Self Portrait As A Stressed-Out Bride To Be

As a student nurse we are classed as supernumerary – at least that’s what the NMC says – and what this means is we shouldn’t be counted in the numbers; nurses or support workers. We’re meant to be able to access learning opportunities as they present themselves, and seek them out ourselves.

That’s the theory anyway.

In reality, from what I’ve experienced a lot of places can run short staffed for whatever reason, be it illness or an oversight on the off duty rota. Now the standard procedure is to call in bank staff, off duty regular staff or as a last resort call agency staff. Fair one, you’ve got to cover the shift for safety’s sake and the smooth running of the environment.

Again, that’s the theory. Most places would rather go short staffed than pay for agency. So that begs the question, what do you do? The frequent answer is to use (and abuse) students, get them do direct patient care.

Now I have no objection to putting on some gloves and giving direct patient care, my background of almost a decade as a healthcare assistant means I’m pretty well versed in the methods involved in ridding an anal sphincter of faeces. I do have a most vociferous objection to students like myself being used to make up the numbers of support workers when an area is short staffed, especially when I’m already quite busy chasing up various drugs from the pharmacy, scripts from the various GPs in the area and trying to get them to work together.

I find it especially annoying when, the very next day,without a hint of irony my mentor said to a colleague “I’m not on the floor, I’m supernumerary”

I understand that this is common practice amongst placements, and not restricted just to my own personal experience.

3 thoughts on “Supernumerary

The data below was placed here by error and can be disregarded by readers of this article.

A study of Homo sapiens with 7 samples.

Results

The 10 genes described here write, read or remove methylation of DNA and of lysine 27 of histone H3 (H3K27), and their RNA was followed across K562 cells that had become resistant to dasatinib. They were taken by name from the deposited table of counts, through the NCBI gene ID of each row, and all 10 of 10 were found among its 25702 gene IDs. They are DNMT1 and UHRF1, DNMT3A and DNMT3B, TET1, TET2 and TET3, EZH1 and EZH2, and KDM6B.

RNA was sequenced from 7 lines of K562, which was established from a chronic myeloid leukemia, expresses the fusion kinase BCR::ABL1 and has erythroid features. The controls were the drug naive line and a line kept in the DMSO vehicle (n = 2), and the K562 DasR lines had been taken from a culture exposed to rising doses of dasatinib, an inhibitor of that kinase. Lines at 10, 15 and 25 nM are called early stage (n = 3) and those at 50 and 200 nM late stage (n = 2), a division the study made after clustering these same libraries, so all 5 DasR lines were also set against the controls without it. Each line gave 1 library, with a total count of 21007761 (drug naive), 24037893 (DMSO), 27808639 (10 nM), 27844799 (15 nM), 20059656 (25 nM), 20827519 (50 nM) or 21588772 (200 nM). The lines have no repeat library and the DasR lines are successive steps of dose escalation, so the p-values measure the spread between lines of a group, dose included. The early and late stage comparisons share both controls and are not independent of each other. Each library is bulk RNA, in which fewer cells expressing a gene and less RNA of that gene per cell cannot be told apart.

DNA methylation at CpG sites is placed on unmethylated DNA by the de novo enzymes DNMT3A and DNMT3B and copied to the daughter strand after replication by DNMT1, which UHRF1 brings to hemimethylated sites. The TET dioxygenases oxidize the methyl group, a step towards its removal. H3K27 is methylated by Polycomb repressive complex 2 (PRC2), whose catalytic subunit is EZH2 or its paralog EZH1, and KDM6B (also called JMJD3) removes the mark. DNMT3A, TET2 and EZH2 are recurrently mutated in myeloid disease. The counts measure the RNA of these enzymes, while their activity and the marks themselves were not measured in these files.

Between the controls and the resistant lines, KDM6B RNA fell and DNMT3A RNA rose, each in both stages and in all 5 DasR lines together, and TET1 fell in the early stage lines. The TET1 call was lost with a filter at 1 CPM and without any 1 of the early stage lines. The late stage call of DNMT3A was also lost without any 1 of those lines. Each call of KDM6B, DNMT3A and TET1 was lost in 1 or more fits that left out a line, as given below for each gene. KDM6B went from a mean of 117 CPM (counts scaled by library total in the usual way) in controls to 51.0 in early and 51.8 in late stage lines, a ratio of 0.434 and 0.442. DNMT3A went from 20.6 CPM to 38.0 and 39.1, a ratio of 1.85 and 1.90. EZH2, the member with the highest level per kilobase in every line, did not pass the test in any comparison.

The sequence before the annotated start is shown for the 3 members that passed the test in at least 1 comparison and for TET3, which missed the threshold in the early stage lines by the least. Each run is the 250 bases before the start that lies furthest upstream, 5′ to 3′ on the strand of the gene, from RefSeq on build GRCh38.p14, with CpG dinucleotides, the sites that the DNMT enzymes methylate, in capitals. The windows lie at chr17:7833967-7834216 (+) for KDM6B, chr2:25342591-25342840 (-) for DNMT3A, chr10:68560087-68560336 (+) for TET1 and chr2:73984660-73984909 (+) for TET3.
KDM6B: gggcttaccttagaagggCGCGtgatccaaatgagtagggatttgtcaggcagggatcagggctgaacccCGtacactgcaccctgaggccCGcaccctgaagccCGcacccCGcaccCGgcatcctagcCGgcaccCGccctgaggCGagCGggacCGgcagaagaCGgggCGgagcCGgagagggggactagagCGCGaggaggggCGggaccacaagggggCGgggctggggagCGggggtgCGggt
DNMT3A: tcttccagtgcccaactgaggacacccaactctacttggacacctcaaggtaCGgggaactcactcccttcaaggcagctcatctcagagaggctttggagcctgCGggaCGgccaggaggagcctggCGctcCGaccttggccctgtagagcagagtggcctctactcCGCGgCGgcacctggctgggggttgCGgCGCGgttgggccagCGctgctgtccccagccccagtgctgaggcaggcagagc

1. Back when I was a student nurse, I didn’t generally mind pitching in to help, and regarded it as part of the learning experience – but only so long as this wasn’t being abused to make up for staff shortages.

    I used to have a mentor who would hector me at length about how rubbish it was that student nurses were supernumerary, and that it was much better when they were counted as part of the numbers because “that’s how you learn”. Funnily enough, she was the laziest, most useless mentor I ever had. Everything I learned on that placement was in spite of rather than because of her.

    • I don’t want it to seem like I’m one of those nurses who are “too posh for poo”, but I make a point of shadowing and helping support workers for a period when I start a placement. I’m of the opinion that I can’t expect others to do something if I’m not willing to do it myself. Also, I can’t delegate a task if I don’t know what it is.

      • Yeah, I agree absolutely. Back when I was a student nurse, and then a staff nurse on a ward, I felt it was very important to show that I was willing to get stuck into the poo.

        My current role isn’t so much “too posh for poo” as “poo not applicable”.

        You can tell the nurses have arrived, because we’re openly chatting away about poo.